A fighter from the Free Syrian Army plays with a dog at a checkpoint which they’ve captured from Islamic State (IS) group jihadists near the town of Qabasin, located northeast of the city of Al-Bab, some 30 kilometres from Aleppo. Picture: Nazeer al-Khatib
THE number of jihadist car bomb attacks against Iraqi forces advancing in Mosul has fallen sharply to just a few a day, a top special forces commander said overnight.
Major General Maan al-Saadi of the elite Counter-Terrorism Service, which has done much of the fighting in east Mosul, said the Islamic State group’s defence of its last major Iraqi bastion was weakening.
“Car bombs have been a key component” of IS’s defence system since a broad offensive, Iraq’s largest military operation in years, was launched on October 17 to retake Mosul, Saadi told AFP inside the city.
“At the beginning, they launched many car bombs, now much fewer. There are one, two or three a day, never more than 10,” he said.
“In the first phase, they used more than 50 a day.”
Territory controlled by the Islamic State shrunk by 16 per cent in the first nine months of 2016, according to analysis released today by IHS Markit.Source:Supplied
A picture taken through the bullet-riddled windshield of an Iraqi Counter Terrorism Service (CTS) Humvee shows a shepherd and his flock of sheep fleeing in eastern Mosul. Picture: Dimitar DilkoffSource:AFP
Many of those attacks were conducted by suicide bombers who ram their explosives-laden vehicles into federal forces.
A fresh push that started on December 29 has seen Iraqi forces, with increased backing from the US-led coalition, make significant gains in the eastern side of the city.
The west bank of Mosul remains under full IS control however and was seen before the launch of the offensive as the hosting the city’s most diehard jihadists.
A Pentagon spokesman in Washington had spoken of the same trend on Monday.
“We see fewer and fewer VBIED than we had previously in Mosul,” Navy Captain Jeff Davis said, using the acronym for vehicle-borne improvised explosive devices.
Iraqi forces members patrols a street in Mosul next to Al-Salam hospital in the al-Wihdah neighbourhood after recapturing the area from Islamic State group jihadists on January 9, 2017. Picture: Mahmoud Al-SamarraiSource:AFP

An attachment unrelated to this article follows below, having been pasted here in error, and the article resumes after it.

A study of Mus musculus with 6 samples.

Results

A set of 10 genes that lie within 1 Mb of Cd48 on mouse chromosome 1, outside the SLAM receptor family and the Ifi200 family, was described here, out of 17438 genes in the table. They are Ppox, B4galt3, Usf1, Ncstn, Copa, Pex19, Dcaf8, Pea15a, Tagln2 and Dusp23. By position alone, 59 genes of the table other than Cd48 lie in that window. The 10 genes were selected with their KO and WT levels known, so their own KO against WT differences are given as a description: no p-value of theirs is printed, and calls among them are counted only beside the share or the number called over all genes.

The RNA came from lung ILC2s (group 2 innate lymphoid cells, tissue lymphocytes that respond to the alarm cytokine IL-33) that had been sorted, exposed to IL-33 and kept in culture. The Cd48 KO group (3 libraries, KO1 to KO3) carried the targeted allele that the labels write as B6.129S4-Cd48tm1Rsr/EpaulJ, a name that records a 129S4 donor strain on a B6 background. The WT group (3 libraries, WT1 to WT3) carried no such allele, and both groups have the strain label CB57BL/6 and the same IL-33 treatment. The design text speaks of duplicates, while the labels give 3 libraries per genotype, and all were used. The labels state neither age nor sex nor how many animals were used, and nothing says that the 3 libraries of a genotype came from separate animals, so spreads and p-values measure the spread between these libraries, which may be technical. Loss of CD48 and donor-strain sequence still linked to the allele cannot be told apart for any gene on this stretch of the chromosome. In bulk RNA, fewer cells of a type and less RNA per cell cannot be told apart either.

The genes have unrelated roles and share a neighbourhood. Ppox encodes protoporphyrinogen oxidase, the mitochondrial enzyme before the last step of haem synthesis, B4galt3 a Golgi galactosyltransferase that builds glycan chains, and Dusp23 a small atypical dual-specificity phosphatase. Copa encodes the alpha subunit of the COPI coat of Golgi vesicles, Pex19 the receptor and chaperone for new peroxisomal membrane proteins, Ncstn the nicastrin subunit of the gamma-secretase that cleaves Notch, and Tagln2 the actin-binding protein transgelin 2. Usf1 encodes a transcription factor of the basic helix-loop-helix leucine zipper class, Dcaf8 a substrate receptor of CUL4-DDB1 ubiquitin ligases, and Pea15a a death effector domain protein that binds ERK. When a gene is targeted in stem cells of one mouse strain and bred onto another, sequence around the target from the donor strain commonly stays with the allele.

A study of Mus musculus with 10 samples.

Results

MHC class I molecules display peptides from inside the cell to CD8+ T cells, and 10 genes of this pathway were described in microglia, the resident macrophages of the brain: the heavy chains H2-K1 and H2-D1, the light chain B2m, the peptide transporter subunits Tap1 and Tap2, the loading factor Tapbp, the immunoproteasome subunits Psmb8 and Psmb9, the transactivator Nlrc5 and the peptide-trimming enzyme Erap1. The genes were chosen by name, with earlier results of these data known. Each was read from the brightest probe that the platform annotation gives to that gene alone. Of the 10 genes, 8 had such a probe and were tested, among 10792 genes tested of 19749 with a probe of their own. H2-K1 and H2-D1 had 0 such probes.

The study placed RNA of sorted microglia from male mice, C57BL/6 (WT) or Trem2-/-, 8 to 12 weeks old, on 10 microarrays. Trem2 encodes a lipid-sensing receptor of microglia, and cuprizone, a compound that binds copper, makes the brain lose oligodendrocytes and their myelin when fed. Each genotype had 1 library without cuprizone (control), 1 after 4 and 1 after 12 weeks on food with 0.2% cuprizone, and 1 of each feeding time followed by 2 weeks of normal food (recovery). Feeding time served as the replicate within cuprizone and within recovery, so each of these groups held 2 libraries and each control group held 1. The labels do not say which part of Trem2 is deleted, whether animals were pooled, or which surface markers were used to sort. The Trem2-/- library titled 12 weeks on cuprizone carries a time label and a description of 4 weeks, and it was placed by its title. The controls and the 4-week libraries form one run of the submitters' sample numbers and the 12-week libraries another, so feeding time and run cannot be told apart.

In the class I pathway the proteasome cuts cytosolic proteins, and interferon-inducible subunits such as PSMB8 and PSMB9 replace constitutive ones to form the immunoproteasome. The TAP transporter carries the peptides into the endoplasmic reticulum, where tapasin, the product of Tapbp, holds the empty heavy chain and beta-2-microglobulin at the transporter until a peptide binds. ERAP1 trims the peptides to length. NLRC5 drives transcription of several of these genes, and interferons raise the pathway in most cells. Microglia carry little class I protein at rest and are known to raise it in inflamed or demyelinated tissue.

Civilians pass near a crater following a US-led coalition air strike in a neighbourhood recently liberated from Islamic State militants on the eastern side of Mosul. Picture: Khalid MohammedSource:AP
Iraqi forces advancing in east Mosul on Sunday reached the Tigris River that splits the city for the first time.
Combined with coalition air strikes on the bridges in central Mosul in recent weeks, the Iraqi push makes it very difficult for IS to resupply its eastern front.
Another CTS commander said on Monday that the full recapture of east Mosul would be completed in a matter of days.
The next phase of the nearly three-month-old operation will involve moving into the streets of west Mosul.
A variety of Iraqi forces are positioned near the airport, which lies at Mosul’s southern entrance but west of the river, in desert areas to the west and on the northern edges of the city.
In October, the Iraqi army dropped tens of thousands of newspapers and magazines from the air, containing leaflets warning residents that an offensive to recapture their city from IS was in its final stages of preparation, according to Iraq’s Joint Operations Command, which distributed images of some of the leaflets.
Iraq has dropped leaflets over Mosul before, and has also done so as part of operations to retake other cities seized by IS in 2014 and 2015.
IS controlled territory shrunk by 16 per cent in the first nine months of 2016, according to analysis released by IHS Markit.